Life of Paul Brönnimann (1913-1993)
by Tarramo Brönnimann, grandson
Paul Brönnimann was born in Biel (Bern, Switzerland) on February 11th, 1913. He studied at the University of Basel and obtained a diploma in pedagogy in 1938 and a Ph.D. degree in Geology and Paleontology in 1939, being supervised by Manfred Reichel.
He joined the army after the beginning of World War II, a fact that interrupted most of his research, but he was able to carry out some work on larger Tertiary foraminifera at Lausanne University. After the end of the war, he became private lecturer at Bern University and worked there until December 1945. During this period he obtained his habilitation and published articles on Tertiary orbitoids, Moroccan miogypsinids and Discocyclina.
As it was difficult to get a position in post-war Switzerland, he left the country and started an international career as micropaleontologist.
In January 1946, Paul Brönnimann started to work as “Paleontologist and Senior Stratigrapher with the Trinidad Leaseholds Ltd.” at Pointe-à-Pierre, Trinidad, B.W.I. It was during this time that his interest on planktonic foraminifera arose, and he also continued to publish on Tertiary larger foraminifera. He further discovered mangrove foraminifera in Trinidad and began to collect and study them. His passion for recent foraminifera was a lifelong one.
In Trinidad, he met new colleagues, some of them becoming faithful friends, among them Walter H. Blow, Hans Bolli, Hans G. Kugler, Hans H. Renz. His work on mangrove foraminifera initiated fruitful collaborations with Joseph A. Cushman and Ruth Todd whom he later met in person at Sharon (Massachusetts).
In Havana, Paul Brönnimann took up a post as “Head of Geological Laboratory, Cuban Gulf Oil Co” in 1952 and was attached to Esso Standard Oil in 1957. This was a period of his life he always liked to remember.
He appreciated the companionship of many colleagues, particularly Pedro Bermudez, and Danilo Rigassi with whom he prepared the “Contribution to the Geology and Paleontology of the Area of the City of La Habana” published in 1963.
During this period, he published many papers about planktonic foraminifera, kept on studying orbitoids and extended his field of research to other groups: calpionellids, planktonic crinoids and nannofossils. He established a biozonation based on Nannoconus in 1955. He also began studying coprolites and intensified this field of research when he came back to Europe.
He had to leave Cuba reluctantly on December 6, 1959, when the Cuban revolution started.
After the departure from Cuba, Paul Brönnimann and his family, including his wife Helen and his son Martin, went to Tripoli. He took up the post of “Senior Paleontologist and Head of Geological Laboratory, Esso Standard Libya, Inc.”.
In France, Paul Brönnimann spent his last year in the oil industry as “Senior Research Associate, Jersey Production Research Co, European Laboratories, Bordeaux”.
Back to Switzerland, Geneva University, 1964-1982
In 1963, Paul Brönnimann was nominated professor of paleontology at Geneva University and maintained his position until 1982. He was teaching micropaleontology, which at that time was of considerable importance for the oil industry.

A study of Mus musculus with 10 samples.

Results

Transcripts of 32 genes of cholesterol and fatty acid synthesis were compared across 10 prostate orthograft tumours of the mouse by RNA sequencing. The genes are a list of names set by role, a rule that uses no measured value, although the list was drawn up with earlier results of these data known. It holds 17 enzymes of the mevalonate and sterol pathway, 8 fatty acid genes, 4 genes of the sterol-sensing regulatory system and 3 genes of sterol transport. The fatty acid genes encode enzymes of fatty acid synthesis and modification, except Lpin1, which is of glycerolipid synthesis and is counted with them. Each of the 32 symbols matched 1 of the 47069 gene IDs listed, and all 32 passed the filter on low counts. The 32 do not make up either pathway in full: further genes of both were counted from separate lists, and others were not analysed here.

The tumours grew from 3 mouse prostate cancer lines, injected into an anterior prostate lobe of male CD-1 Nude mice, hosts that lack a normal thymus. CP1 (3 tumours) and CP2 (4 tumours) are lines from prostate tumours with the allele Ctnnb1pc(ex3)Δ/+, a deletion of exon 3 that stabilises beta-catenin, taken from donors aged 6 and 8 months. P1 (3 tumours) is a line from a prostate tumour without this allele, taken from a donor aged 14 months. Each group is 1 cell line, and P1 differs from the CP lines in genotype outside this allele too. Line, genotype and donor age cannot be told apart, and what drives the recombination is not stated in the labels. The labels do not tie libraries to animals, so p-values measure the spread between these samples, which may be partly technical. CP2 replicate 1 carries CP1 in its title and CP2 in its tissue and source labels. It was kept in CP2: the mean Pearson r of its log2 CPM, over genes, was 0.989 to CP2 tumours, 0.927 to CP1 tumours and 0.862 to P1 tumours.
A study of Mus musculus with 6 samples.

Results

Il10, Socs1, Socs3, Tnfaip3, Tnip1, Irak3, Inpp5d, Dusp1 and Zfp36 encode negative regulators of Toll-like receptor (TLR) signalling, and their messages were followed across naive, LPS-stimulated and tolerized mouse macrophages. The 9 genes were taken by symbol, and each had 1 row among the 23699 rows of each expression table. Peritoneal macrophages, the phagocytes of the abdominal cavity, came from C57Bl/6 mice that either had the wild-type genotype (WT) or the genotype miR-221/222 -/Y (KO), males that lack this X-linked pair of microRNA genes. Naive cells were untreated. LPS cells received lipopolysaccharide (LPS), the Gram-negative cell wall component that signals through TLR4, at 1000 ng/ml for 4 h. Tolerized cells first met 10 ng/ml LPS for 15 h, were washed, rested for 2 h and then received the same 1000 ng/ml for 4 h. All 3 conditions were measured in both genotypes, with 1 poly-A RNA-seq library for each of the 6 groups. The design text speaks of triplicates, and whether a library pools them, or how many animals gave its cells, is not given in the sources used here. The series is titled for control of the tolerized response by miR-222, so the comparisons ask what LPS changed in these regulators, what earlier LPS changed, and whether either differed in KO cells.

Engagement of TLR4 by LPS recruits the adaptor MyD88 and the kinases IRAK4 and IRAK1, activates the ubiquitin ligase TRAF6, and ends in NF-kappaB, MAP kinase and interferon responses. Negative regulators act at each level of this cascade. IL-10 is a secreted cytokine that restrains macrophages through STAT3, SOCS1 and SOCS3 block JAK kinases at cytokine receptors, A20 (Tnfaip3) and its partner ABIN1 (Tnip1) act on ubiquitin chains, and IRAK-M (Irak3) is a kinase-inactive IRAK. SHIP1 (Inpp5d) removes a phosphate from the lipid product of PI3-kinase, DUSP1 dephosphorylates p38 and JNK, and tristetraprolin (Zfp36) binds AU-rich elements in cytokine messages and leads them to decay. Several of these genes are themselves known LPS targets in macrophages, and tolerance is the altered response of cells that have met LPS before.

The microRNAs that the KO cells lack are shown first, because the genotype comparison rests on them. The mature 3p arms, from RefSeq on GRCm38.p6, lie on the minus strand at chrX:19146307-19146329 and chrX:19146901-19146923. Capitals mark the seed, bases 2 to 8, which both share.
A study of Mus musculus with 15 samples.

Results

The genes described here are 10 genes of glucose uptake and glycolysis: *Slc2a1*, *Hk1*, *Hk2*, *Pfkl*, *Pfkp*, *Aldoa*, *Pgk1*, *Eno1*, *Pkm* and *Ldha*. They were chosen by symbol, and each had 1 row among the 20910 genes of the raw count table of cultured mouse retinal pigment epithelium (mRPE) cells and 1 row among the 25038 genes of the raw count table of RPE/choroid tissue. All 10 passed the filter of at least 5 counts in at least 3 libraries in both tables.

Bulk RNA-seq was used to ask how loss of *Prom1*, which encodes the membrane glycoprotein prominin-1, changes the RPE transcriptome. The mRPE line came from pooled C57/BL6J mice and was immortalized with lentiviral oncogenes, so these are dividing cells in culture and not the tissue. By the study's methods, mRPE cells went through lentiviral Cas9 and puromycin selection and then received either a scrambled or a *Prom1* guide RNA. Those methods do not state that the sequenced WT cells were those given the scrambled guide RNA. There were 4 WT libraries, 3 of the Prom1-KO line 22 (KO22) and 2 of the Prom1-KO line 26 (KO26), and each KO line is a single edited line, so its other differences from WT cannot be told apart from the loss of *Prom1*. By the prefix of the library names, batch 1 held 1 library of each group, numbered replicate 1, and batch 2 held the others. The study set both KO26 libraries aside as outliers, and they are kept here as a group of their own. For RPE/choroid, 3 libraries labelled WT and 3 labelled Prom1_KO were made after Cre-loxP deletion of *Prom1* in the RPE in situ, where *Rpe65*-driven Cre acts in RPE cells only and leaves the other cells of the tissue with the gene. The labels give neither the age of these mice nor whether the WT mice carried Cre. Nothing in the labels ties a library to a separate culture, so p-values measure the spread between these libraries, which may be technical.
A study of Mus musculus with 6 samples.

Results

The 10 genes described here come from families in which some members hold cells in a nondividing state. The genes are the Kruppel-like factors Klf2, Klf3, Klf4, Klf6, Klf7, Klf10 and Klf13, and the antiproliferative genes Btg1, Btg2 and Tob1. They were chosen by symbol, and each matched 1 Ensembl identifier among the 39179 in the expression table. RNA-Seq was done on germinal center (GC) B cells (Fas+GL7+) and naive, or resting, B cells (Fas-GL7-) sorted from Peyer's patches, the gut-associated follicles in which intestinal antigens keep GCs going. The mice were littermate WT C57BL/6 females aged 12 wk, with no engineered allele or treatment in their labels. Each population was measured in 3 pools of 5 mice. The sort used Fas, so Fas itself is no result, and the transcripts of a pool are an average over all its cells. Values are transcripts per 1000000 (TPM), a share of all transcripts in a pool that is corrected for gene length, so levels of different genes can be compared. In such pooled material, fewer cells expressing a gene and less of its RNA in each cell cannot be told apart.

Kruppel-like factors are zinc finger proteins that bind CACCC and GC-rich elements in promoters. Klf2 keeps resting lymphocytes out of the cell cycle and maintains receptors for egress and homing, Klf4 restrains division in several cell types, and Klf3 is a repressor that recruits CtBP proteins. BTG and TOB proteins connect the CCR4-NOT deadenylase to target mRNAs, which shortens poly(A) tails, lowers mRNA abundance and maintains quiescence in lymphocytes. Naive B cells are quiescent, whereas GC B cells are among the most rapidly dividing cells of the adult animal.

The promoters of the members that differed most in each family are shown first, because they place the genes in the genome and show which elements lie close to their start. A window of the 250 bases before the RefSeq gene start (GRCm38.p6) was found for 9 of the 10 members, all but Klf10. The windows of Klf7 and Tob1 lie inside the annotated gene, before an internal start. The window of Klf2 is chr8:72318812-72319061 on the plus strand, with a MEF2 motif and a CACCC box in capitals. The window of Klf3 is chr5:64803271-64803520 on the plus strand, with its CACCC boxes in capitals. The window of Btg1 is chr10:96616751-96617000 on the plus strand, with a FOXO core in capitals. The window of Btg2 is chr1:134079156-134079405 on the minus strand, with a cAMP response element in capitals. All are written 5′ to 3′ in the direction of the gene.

The financial support that he received from the Swiss National Science Foundation allowed him to continue his scientific research. He collaborated with many colleagues, among them Marc A. Conrad, Adrien Jayet, Norbert Steinhauser, Louisette Zaninetti and Jean Charollais, with whom he struck up a solid friendship and published papers about the micropaleontology of the lower Cretaceous strata of the Genevan region.
He organized the First International Planktonic Conference in Geneva in 1967, and took part in the JOIDES project multi-column
With his assistant Louisette Zaninetti, he started to work on Triassic foraminifera, an almost unexplored domain at that time. They traveled around Europe, Iran, Pakistan and Turkey to collect material. Together, they also pursued research on mangrove foraminifera as Paul Brönnimann had ceased to work on them when he left the Caribbean.
This work led them to United States, Australia, Pacific islands, and mainly to Brazil where they carried out some fundamental work about mangrove foraminifera in collaboration with D. Dias- Brito, M. Arai, P. Casaletti, S. Silveira, E. Koutsoukos, G. Beurlen and J-A. Moura.
Recent agglutinated foraminifera became increasingly more fascinating for Paul Brönnimann and he started a new collaboration with John E. Whittaker, whom he met first in Geneva in 1973.
In 1982, Paul Brönnimann retired, but remained as professor emeritus at Geneva University and continued his work until the day before he died.
His scientific work is considerable and encompasses a wide range of topics with great international value. He supported the foundation of the Revue de Paléobiologie published by the Museum of Geneva. In 1984 he received the “Joseph A. Cushman Award” together with Hans Bolli, and was honorary president of the Benthos’ 86 meeting in 1986. His last paper was published in 1992 (Revue de Paléobiologie, 11).
Many scientists had the privilege of getting into contact with this man of great learning who had a strong personality. He demanded a lot of himself and of his assistants, but was a very generous person, always happy to share his knowledge with younger people.
After his death, the Paul Brönnimann Foundation was set up for awarding young scientists working on foraminifera.